Closures, power outages among the impacts of storms on Napa, Sonoma, Marin businesses
As Thursday promises a brief respite before the next storms arrive Friday, the challenges of bad weather continue to be felt by area businesses.
As storms continue to rain down on Sonoma County, local businesses are being hit especially hard but not just by flood waters.
Several local restaurants, wineries and hotels had to close the past few days after the storm’s brunt was felt Monday. Businesses have been moving perishable foods to non-flood prone restaurants, raising furniture off the ground to prevent water damage and bringing in employees to help clear properties. Amid the closures, little to no revenue is coming in to help offset the added expense.
Here’s how some businesses in Sonoma County are being impacted by the storms:
Boon Hotel + Spa Owner Crista Luedtke said the property had been closed for its regularly scheduled, 10-day winter break, with an additional three days due to the weather.
The property has experienced some flooding and minimal damage, and the storm is keeping customers away, she said. The hotel also was without power for about 24 hours.
Originally slated for Wednesday, Boon’s reopening has been pushed to Friday.
“It’s just a continual hard hit on small businesses and to them as well as, quite frankly, to employees,” she said. “I’ve got employees who are going to struggle because they’re not working for several days and that’s not unique to me. It’s going on across the board and all around town.”
Rio Nido Roadhouse Owner Brad Metzger said his restaurant has moved from worrying about flooding and damage to cleaning up the space and readying it for Wednesday night.
The eatery reopened Tuesday afternoon and crews are just finishing cleaning the “big soggy mess” from the storm.
“We lost power the first or second day and they got our power up really quick,” he said.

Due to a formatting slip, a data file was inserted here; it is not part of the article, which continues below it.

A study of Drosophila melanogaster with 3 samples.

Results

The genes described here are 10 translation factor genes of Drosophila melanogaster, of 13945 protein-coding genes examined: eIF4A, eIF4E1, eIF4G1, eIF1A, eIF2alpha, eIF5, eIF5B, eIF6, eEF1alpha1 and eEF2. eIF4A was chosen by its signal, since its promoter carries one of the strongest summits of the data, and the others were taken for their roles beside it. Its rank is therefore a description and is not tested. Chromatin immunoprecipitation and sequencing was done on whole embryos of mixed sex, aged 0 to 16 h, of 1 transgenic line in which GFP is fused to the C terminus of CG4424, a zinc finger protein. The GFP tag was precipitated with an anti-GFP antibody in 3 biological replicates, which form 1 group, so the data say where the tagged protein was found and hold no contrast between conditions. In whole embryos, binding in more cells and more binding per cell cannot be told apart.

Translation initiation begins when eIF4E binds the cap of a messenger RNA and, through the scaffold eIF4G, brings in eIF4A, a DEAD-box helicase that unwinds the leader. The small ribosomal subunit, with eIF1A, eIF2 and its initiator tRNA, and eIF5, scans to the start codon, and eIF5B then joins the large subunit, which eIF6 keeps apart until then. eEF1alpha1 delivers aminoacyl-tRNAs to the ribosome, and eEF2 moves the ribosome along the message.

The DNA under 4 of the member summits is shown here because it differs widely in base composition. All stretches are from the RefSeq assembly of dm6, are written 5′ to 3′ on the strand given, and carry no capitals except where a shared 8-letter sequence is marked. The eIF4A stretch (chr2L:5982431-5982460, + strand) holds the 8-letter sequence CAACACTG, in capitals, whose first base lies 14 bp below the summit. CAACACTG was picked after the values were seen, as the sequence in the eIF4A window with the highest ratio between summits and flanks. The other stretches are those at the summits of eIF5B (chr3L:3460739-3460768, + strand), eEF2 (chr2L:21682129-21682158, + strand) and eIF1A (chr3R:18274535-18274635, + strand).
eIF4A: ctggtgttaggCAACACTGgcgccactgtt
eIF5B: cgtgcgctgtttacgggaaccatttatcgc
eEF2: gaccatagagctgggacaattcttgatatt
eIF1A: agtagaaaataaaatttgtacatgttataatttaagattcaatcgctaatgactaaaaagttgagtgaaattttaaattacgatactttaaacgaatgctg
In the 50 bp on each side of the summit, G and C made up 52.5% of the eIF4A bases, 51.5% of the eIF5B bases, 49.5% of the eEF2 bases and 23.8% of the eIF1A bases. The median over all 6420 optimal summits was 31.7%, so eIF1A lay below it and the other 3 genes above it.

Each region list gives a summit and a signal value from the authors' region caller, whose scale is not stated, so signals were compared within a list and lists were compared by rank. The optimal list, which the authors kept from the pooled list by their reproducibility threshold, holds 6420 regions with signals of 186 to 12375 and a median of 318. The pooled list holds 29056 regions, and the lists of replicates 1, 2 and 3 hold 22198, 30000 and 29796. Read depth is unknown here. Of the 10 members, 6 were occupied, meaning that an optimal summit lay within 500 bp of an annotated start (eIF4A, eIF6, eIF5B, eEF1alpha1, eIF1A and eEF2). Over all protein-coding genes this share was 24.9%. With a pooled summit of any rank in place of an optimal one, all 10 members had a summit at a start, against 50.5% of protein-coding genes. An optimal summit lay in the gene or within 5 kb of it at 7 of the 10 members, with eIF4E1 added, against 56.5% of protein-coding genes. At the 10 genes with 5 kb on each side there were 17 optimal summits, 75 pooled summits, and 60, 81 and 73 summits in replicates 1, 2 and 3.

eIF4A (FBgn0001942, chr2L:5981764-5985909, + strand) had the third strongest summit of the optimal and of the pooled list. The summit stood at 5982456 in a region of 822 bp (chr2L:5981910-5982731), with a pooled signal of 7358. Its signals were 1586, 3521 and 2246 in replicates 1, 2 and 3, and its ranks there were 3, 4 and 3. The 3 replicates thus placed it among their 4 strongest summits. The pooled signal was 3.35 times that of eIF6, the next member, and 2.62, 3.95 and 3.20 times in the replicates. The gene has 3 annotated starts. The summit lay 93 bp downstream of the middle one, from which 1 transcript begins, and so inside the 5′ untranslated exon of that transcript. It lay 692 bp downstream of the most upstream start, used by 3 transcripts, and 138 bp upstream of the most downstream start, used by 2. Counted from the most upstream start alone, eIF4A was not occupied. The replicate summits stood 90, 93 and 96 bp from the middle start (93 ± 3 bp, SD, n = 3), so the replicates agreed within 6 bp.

Metzger closed his restaurant for seven days because of the storms, which also has impacted his employees.
“These employees depend on tips every single day,” he said. “When you’re not open, you start moving backwards every day.”
The Barlow had been hit especially hard in 2019 when water from the Laguna de Santa Rosa overtook the area following a series of heavy storms.
But Koshō Restaurant owner Jake Rand said that hasn’t been the case with the recent downpours.
Still, the storms — amid a typical January lull — has caused a decrease in foot traffic for the restaurant, but impacts from the storm haven’t been too bad.
“It was an ominous forecast that a lot of people spent the last nine or 10 days getting prepared for the worst case scenario,” he said.
“We actually kept power the whole time... the forecasts for water was a little bit higher and caused uncertainty and unease when it comes to staffing and ordering but other than that and just being an inconvenience, it’s been fine.”
Jordan Kivelstadt is looking at a profit cut of $40,000–$50,000 in the wake of the storms.
He had planned to reopen his Sonoma winery, Kivelstadt Cellars & WineGarten, on Jan. 4 after the typical holiday break, but that was pushed back three days due to the rain.
But then, he said, the roads leading to his property were closed Saturday. He hasn’t had a single day of business since the roads reopened Wednesday afternoon.
“It was really hairy down here on Monday,” Kivelstadt said.
Located at 22900 Broadway Ave., his winery is prone to flooding and road closures. He’s attempting to get reimbursement through his flood insurance, but that covers property damage, not business interruption, he said. He pays $11,000 a year for a $500,000 policy, as required by his lender.
About 150 people are slated to attend a wine tasting this weekend on Kivelstadt’s property. But he, and other area business owners, now wonder if the significant storms expected later this week will lead to further impacts and closures. —Rebecca Wolff, Sonoma Index-Tribune
Few property damage insurance claims
Ken Keeney, executive vice president in Newfront, which insures a number of North Bay wineries and other businesses, said the calls haven’t been coming in from commercial policyholders.
“We have not seen any claims nor any inquiries about coverage where we don't already have it with our clients,” said Keeney, who works from the firm’s Petaluma office.
One reason why interest has been low for new commercial flood coverage is it’s already required by the business’ lenders or the location is along a waterway and could be at risk, he said.
Flooding usually is an excluded peril in commercial property insurance, but claims may be accepted for water damage that results from shingles or other roofing blowing off in a storm.